Investigators learn the technology behind fraud operations
With the swipe of a credit card an identity thief had your information.
With the swipe of another, they can duplicate that card.
The investigators saw a demonstration of how easy it is for identity thieves to buy a skimmer online or in a store, collect card information and distribute it as they please.
"I was shocked to find out how easy it is for someone to steal someone else's identity," says Chief James Brackin with the Darton College Police Department. "It makes you aware of the current practices that criminals are going through."
Local law enforcement agencies from as far as Atlanta came to Albany for LifeLock's identity theft seminar and demonstration, soaking in information that they say could help with future investigations.
"The technology that's involved in identity theft is constantly changing so it helps us to know what's the latest, what the latest devices are out there and what the latest techniques are," says Deputy Chief Mark Scott with the Albany Police Department.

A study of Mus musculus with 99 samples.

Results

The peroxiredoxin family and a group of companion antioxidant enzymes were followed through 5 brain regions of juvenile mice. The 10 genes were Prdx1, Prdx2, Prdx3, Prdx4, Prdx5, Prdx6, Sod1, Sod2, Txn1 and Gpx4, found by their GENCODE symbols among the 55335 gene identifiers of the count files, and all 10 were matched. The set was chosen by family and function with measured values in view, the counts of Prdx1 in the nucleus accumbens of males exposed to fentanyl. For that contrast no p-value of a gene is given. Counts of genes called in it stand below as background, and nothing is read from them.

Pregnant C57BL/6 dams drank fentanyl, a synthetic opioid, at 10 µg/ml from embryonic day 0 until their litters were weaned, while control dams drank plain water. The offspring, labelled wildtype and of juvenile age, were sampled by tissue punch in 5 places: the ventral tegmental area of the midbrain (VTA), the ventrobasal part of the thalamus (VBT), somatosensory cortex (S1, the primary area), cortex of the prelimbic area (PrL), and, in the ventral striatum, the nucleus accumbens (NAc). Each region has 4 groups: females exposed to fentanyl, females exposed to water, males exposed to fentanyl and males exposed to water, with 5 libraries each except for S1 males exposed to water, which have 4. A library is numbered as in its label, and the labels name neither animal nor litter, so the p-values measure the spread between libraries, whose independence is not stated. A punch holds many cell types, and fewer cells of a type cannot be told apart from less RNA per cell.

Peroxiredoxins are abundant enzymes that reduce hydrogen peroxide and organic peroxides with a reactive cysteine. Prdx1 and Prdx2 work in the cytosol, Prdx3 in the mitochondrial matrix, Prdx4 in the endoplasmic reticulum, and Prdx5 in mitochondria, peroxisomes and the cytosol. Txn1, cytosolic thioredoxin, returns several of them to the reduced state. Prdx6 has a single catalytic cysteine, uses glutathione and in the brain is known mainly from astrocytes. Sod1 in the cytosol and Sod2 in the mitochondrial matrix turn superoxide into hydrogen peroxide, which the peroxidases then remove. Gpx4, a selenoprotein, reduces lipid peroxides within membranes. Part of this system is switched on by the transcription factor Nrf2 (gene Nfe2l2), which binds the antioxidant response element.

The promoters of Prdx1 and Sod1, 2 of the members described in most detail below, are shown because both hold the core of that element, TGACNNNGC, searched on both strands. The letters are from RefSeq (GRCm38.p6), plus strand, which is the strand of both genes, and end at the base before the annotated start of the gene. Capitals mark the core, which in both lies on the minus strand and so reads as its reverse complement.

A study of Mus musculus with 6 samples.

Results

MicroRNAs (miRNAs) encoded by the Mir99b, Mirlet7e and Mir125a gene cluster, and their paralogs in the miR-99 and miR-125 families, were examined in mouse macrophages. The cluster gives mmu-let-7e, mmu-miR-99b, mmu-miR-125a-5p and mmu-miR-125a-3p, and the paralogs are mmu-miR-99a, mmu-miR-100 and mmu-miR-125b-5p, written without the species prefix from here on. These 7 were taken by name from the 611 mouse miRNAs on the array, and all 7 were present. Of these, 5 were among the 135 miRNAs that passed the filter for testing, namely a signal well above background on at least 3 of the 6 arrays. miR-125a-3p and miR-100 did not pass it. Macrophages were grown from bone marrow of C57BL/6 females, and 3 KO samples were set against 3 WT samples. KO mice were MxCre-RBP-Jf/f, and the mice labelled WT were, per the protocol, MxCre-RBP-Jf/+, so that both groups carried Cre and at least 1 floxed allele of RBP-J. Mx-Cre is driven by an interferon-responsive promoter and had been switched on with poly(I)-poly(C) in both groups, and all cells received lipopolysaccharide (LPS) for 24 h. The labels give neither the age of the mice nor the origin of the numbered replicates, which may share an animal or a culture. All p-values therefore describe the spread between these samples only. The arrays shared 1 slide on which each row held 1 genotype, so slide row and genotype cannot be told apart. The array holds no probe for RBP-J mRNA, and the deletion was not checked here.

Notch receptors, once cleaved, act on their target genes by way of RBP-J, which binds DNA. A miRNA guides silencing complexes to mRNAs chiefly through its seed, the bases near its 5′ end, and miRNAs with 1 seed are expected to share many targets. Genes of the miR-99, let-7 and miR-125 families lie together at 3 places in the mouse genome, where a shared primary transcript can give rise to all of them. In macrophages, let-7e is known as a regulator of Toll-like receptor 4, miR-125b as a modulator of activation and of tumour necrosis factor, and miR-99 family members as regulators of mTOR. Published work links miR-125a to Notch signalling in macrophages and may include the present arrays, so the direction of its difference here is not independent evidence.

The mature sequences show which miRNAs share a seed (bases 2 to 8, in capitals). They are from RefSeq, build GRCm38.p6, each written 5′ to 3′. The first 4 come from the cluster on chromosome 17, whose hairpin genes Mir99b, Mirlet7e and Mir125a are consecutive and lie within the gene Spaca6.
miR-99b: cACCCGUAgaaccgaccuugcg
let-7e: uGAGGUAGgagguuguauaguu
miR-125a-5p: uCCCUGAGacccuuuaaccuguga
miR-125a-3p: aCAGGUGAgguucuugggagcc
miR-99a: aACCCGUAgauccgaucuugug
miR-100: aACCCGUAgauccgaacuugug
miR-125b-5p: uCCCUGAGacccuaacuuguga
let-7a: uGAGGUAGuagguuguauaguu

Paige Hanson, Manager of Educational Programs with LifeLock, says the demonstrations help investigators to know exactly what they are looking at when they come across a skimmer or a sheet with credit card data.
"Even if they have seen it, you go to think 'What is someone going to do with 100 credit card numbers?' Well it could be a very lucrative business for an identity thief," says Hanson. "There's tens of thousands of black market websites out there, chat rooms, just pulling you in to try to buy this information containing credit card numbers, expirations dates, names, sometimes addresses."
While investigators come across cases like this on a regular basis, they say they were still shocked at the information skimmers pick up and how easily the information â" like names â" can be altered. During the seminar and even during the breaks, some investigators collaborated on ideas of what could be done to stop not only the small productions but also the bigger operations.
"It is nice to hear the communication and the fact that they're working together. It should make the community feel better and safer," says Hanson.